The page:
Spring Break for the stingy
Television has made it so that everybody is familiar with the “typical” spring break trip: Getting drunk in Daytona or Cancun or Jamaica. And now that everybody is making plans, you may be getting really sick of that one chick on your floor that somehow scored plane tickets to Scotland or the kid who’s traveling to Spain to see his brother. It may make you feel super lame if your spring break plans are to catch up on sleep and maybe see some friends from high school that you’re less and less interested in every time you go home. The truth is, whether or not you have a trust fund, you can find a way to have fun and do a little traveling this spring break. Here are some ideas for low-key trips that won’t burn a hole in your wallet, but will also give you something to talk about when people ask you the same infernal question: “What’d you do over break?”
Road trips are normally thought of as more of a summer thing, but that doesn’t mean you can’t go during the spring, when attractions may be less busy. The great thing about a road trip is that you can personalize it. If you have 20 bucks and a backpack full of Slim Jims you can drive up to Northampton for the afternoon and check out the cool used bookstores and old-timey buildings. If you have a bunch of friends, a passport and a couple hundred odd dollars left over from Christmas, you can pile into a car and drive up to Canada for a day or two, or down to Virginia Beach for a less-than-hot but not-quite-cold beach trip. Plus, when you don’t have to worry about catching a flight, you have more than enough time to pull over at the World’s Largest Jack-in-the-Box Plus in Middleton or the MOBA (Museum of Bad Art) in Somerville, Massachusetts.
The Great Outdoors
Even though the trees won’t be green yet by the time we’re free for spring break, there are still plenty of outdoor trips you can go on to entertain yourself. Whether it’s just traveling to climb a mountain in New Hampshire or going on an early-season camping trip in Rhode Island, doing something active out in nature will be a nice way to break up the indoor monotony of school. It may not be the most stunning time of year to go hiking, but there are still lots of New England hikes with a nice lookout (http://www.newenglandwaterfalls.com/52withaview.php). Plus, since spring break is relatively early, you could still head northwards for some skiing or snowboarding.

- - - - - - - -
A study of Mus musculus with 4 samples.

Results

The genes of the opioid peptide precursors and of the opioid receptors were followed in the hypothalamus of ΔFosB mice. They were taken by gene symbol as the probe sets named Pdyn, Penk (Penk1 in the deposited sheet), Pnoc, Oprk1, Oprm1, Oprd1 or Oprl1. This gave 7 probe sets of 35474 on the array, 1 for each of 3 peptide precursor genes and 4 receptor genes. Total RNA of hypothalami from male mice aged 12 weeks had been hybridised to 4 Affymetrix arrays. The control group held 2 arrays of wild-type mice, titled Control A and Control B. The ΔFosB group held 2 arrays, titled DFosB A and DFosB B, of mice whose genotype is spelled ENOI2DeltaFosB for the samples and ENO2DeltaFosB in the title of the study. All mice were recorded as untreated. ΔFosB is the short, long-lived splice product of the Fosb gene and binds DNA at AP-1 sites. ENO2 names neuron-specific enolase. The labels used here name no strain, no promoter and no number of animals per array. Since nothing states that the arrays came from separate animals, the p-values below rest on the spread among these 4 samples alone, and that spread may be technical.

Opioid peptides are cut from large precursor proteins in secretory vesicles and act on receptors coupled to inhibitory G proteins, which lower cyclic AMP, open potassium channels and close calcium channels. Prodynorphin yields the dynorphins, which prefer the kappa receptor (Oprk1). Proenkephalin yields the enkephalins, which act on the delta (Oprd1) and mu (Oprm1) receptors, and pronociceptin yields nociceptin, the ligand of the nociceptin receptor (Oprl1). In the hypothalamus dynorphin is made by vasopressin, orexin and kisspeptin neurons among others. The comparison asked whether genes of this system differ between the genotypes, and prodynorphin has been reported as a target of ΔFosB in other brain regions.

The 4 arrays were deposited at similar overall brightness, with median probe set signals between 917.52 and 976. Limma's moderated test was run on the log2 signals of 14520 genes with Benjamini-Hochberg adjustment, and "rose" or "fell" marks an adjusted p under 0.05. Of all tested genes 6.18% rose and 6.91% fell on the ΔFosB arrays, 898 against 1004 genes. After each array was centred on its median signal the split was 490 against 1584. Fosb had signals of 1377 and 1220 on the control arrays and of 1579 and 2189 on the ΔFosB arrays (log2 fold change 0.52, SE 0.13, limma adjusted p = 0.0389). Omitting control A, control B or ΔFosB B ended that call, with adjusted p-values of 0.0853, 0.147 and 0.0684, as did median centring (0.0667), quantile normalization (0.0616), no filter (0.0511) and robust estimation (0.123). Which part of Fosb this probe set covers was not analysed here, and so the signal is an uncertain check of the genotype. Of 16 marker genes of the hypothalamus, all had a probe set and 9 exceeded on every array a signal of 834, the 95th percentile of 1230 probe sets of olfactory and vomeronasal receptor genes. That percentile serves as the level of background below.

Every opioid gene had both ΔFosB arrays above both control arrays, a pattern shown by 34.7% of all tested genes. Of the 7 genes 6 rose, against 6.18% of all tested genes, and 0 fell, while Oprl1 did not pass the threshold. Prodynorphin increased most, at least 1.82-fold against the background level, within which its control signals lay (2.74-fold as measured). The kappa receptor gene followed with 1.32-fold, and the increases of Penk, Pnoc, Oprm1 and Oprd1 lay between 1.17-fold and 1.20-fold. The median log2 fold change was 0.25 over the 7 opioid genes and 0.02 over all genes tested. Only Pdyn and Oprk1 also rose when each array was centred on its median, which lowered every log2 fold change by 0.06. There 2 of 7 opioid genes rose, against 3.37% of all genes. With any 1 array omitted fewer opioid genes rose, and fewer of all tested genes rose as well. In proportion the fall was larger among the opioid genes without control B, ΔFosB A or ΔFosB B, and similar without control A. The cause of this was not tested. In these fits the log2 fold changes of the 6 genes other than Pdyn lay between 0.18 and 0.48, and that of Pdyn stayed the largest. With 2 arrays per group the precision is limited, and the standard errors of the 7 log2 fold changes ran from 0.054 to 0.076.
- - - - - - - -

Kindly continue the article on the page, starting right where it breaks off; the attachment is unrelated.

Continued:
Explore a City
Boston and New York may not seem as exciting as London or Paris or Amsterdam, but there’s still lots of culture and art to be explored in our own area. Taking the train can make things easier, and even just walking around a city, you might end up seeing something really cool. Plus, if museums are your thing, lots of them have student discounts or special deals. For example, the Museum of Modern Art in New York has free entry on Fridays from 4 to 8 p.m. If you’re a little more ambitious, you could take the train to Washington D.C., get out of New England and explore the 19 open-access Smithsonian museums.
Plan a Trip that Works for You
Ultimately, what’s most important is that you plan a trip that works for you. If you’re really into art and theater, maybe spend a little extra money and go into a city, find some cool museums and scrimp on food. If you’re feeling spontaneous and adventurous, maybe try a road trip. If you really just want to remember what it feels like to be warm, go south. If you wish we had more snow here in Storrs, head north. Don’t worry yourself with what other people are doing or who will come back with cooler pictures, just try to find something you’ll enjoy doing.
No matter what kind of trip you’re embarking on, there are also some general rules when it comes to traveling that can make the whole trip cheaper. Walk instead of using taxis and Ubers. This is also a good way to see more of the place you’re in. Make sure to check for student discounts, and keep your Husky OneCard on you. Look ahead of time for free walking tours or free admission museums. Bring your own food, unless you’re traveling for the foodie experience. Don’t bother buying expensive travel toiletries, just get refillable bottles you can use on future adventures or resign yourself to the raindrop sized amount of shampoo you’ll find in your complimentary hotel toiletries. And ultimately, don’t downplay the serious fun you could have on a nice chill staycation — just you, some take-out menus and a remote. That’s what I call cheap.
Alex Houdeshell is the associate managing editor for The Daily Campus. She can be reached via email at firstname.lastname@example.org.